Swedish Sour Milk Bread
Two 9-inch (23 cm) loaves
Recipe adapted from Chef Henrik Norstrom in Stockholm, Sweden. This is more of a cake-like ‘bread’, than a traditional bread. Think French Pain d’spices; a moist batter with lots of spices, with a soft crust and bready interior. I made it twice, and mine came out slightly lighter than the one served at the restaurant (shown.) It goes well with a swipe of butter, but you could certainly serve it with a compote of cherries in red wine syrup, a sharp cheese, or snack on it just as-is, which is what I did with each loaf. Note that this recipe uses dark syrup, which is ubiquitous in Sweden. I picked up a few bottles in Sweden to bring home, but I’ve suggested some alternatives at the end of the recipe.
2 1/4 cups (350g) all-purpose flour
1 1/2 cups (175g) rye flour
2 teaspoons baking powder (preferably aluminium-free)
1 1/2 teaspoons baking soda
1 tablespoon caraway seeds
1 tablespoon fennel seeds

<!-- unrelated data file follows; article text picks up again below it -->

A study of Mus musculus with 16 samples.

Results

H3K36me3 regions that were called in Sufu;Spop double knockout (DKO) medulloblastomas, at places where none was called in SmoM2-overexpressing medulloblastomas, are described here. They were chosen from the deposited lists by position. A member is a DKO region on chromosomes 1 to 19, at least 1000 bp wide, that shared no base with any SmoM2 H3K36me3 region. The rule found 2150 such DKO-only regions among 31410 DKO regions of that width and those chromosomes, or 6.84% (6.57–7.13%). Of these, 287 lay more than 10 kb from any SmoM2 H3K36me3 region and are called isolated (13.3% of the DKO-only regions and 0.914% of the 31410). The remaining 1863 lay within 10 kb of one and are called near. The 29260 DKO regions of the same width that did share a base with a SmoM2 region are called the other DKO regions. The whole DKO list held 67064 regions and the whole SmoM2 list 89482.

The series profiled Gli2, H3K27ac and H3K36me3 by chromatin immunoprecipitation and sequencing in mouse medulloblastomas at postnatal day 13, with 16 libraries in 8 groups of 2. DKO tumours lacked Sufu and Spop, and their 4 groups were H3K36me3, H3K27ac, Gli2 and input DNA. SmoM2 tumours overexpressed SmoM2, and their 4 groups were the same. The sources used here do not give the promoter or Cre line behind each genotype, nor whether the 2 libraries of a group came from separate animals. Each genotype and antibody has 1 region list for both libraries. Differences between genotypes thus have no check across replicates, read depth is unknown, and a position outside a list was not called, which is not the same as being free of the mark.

1 1/2 tablespoons anise seeds
2 cups (500ml) buttermilk
3/4 cup (210g) dark syrup, or an alternative (see Note)
1. Preheat the oven to 215ºF (100ºC.) Lightly grease a 9-inch (23 cm) square cake pan.
2. In a large bowl, whisk together the all-purpose and rye flours, the baking powder, baking soda, and caraway seeds.
3. In a spice grinder, or mortar-and-pestle, grind the fennel and anise seeds into they are close to finely ground, but they can still have a bit of texture to them. Whisk them into the four mixture until they are evenly dispersed.
4. Make a well in the center of the dry ingredients and pour in the buttermilk and dark syrup. Stir the mixture just until the dry ingredients are completely moistened, but don’t overmix.
5. Scrape the batter into the prepared pan and bake for 30 minutes.
6. After 30 minutes, increase the heat of the oven to 325ºF (160ºC) and bake for another 30 minutes, or until the bread feels just-cooked in the center when you press it. (If using an instant-read thermometer, it should read 190ºF, 88ºC.)
7. Remove the bread from the oven and as soon as it’s cool enough to handle, remove the bread from the pan and let it cool on a wire rack.

To serve, cut the bread in half down the center, making two rectangular loaves, then cut slices of the bread.

Storage: The bread will keep for up to 3-4 days at room temperature. It can also be frozen for up to 2 months.